People are not happy about Jeff Bezos trying to buy Seattle's election. Outrage spread from West Seattle to New York City after Amazon donated an unprecedented $1.5 million to the Metropolitan Chamber of Commerce's local super PAC. So, naturally, with ballots already at people's homes, the chamber's president and CEO, Marilyn Strickland, decided to do some very public spinning of the facts.
Strickland went on KUOW last week and told listeners that despite what Elizabeth Warren said, Amazon’s donation really isn’t that big. Unions are spending just as much money as the chamber in Seattle's elections, Strickland claimed.
“If you look at where the money is coming from, from all of the political action committees, there are about 20 different PACs contributing, and it’s about evenly split between the number of PACs and the amount of money raised by both business and labor,” Strickland said.
Strickland’s message sounds pretty convincing, but there is just one problem: It’s complete bullshit.
The chamber’s Amazon-approved candidates have received $2.7 million in super PAC support while the opposing candidates have received only $660,411 in independent super PAC support, most of it funded by unions. That means the Amazon-approved candidates are getting four times more super PAC help than their opponents.
(I left Council Member Debora Juarez out of these figures because she's supported by both the chamber and labor. Super PACs have spent $59,675 trying to elect Juarez this year).
Strickland did not return a request for comment for this story.
In One Seattle Council District, One Candidate Is Receiving 465 Times More PAC Money Than the Other
The difference between the chamber and non-chamber candidates is particularly clear in District 3 (Capitol Hill, Central District, and Madison Valley), where $394,329 has been spent by individuals giving to the campaign of Amazon-approved Egan Orion and $452,941 has been spent by individuals supporting socialist council member Kshama Sawant. Those individual contributions are capped by law at $500 per person. But when it comes support for these two candidates from PACs—which, thanks to the legacy of Citizens United, are allowed receive unlimited contributions—the disparity gets very stark.
Egan Orion has benefited from $617,074 in total help from four different super PACs, while Kshama Sawant has received only $1,326 in total help from two super PACs.
That means PAC support for Orion is 465 times higher than PAC support for Sawant.
It also means that overall, the chamber candidate in District 3 is benefitting from $1.011 million in total individual and PAC support, more than twice the amount of total individual and PAC support for Sawant ($454,378).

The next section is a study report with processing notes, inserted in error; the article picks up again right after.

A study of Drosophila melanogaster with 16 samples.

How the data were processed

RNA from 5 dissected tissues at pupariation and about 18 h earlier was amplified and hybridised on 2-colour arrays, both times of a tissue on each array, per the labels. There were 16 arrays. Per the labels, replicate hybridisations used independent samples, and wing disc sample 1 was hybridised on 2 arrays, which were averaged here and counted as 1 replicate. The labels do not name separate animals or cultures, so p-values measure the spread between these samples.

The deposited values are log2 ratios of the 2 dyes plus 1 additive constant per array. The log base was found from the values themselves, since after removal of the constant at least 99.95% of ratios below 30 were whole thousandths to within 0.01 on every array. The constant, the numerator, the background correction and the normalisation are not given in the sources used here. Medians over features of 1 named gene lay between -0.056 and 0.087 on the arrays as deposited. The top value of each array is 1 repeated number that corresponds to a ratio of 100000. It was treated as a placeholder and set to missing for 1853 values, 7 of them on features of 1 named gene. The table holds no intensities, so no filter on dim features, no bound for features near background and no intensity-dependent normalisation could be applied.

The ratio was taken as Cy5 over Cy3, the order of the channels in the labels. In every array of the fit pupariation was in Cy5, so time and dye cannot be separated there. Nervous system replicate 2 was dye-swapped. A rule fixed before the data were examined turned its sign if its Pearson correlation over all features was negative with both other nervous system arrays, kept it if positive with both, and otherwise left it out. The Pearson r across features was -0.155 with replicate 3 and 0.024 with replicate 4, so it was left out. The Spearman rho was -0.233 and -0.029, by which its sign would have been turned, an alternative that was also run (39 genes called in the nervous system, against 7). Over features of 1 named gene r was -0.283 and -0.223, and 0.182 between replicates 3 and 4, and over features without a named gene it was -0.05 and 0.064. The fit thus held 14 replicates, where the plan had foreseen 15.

But you wouldn’t know that listening to Strickland. She told KUOW that “the fact that Amazon dropped this money actually puts us on par with the labor money.”
Strickland went on to claim that Sawant was opposed to the city’s new Democracy Voucher program, which gives candidates the ability to publicly finance their elections.
“Kshama Sawant was the very first candidate to denounce and say she was not going to use Democracy Vouchers, so as we talk about what’s true and what’s false, I want to make sure people understand the entire picture,” Strickland said.
This is not true.
Sawant didn’t denounce the Democracy Voucher program, she said she wanted to take the public money but she couldn’t because she expected Strickland and the chamber to massively outspend her with super PAC money. And… look what happened. Sawant was entirely correct. If Strickland really believed what she was saying on KUOW, then it looks like the socialist might have better strategic business sense, and have a better grasp on math, than one of Seattle’s wealthy business leaders.
In Other Districts, the Lopsided PAC Spending Continues
The lopsided super PAC expenditures are also readily apparent in District 6, where Heidi Wills has received an incredible $752,326 in super PAC support. When combined with her individual contributions, more than $1 million is being spent to elect the Amazon-approved Wills.
Wills’s opponent, Dan Strauss, has received only $72,755 in duper PAC support.
This means Wills is getting 10 times more in super PAC support than her opponent.
District 7’s race between Jim Pugel and Andrew Lewis is the only race that isn’t entirely lopsided. Amazon-approved Pugel has more super PAC help than Lewis, but not by much. More than $548,000 in super PAC money has been spent on Pugel, largely by the chamber, while Lewis has received more than $501,000 in super PAC support, all of it from labor groups.
Again, Strickland did not reply to a request for comment, but it’s not hard to see why Strickland is going out on a disinformation campaign—Amazon’s $1.5 million donation has not been well received. It already appears to be moving voters to progressive candidates that they previously didn’t support.
Meanwhile, other local conservative groups, like the “Moms for Seattle” super PAC, are repeating Strickland’s false statements.
Moms for Seattle taking full advantage of Facebook's policy allowing untruthful ads.
If you add up total spent on Amazon's slate (I marked w/ red) vs non-Amazon slate (blue), even Moms' skillfully organized chart shows one side ($2.3M) eclipsing the other ($1.1M) by over double: pic.twitter.com/tZ5e7ymkN3
— Zach Wurtz (@Zach_Wurtz) October 26, 2019
But just because rich people say something is true doesn’t mean that’s the case.
And in fact, it’s hard to see a more lopsided matchup than the overall PAC money being put behind these Amazon-approved candidates (again, $2.7 million) as compared to the overall PAC money (again, $660,411 ) that's being put behind their opponents.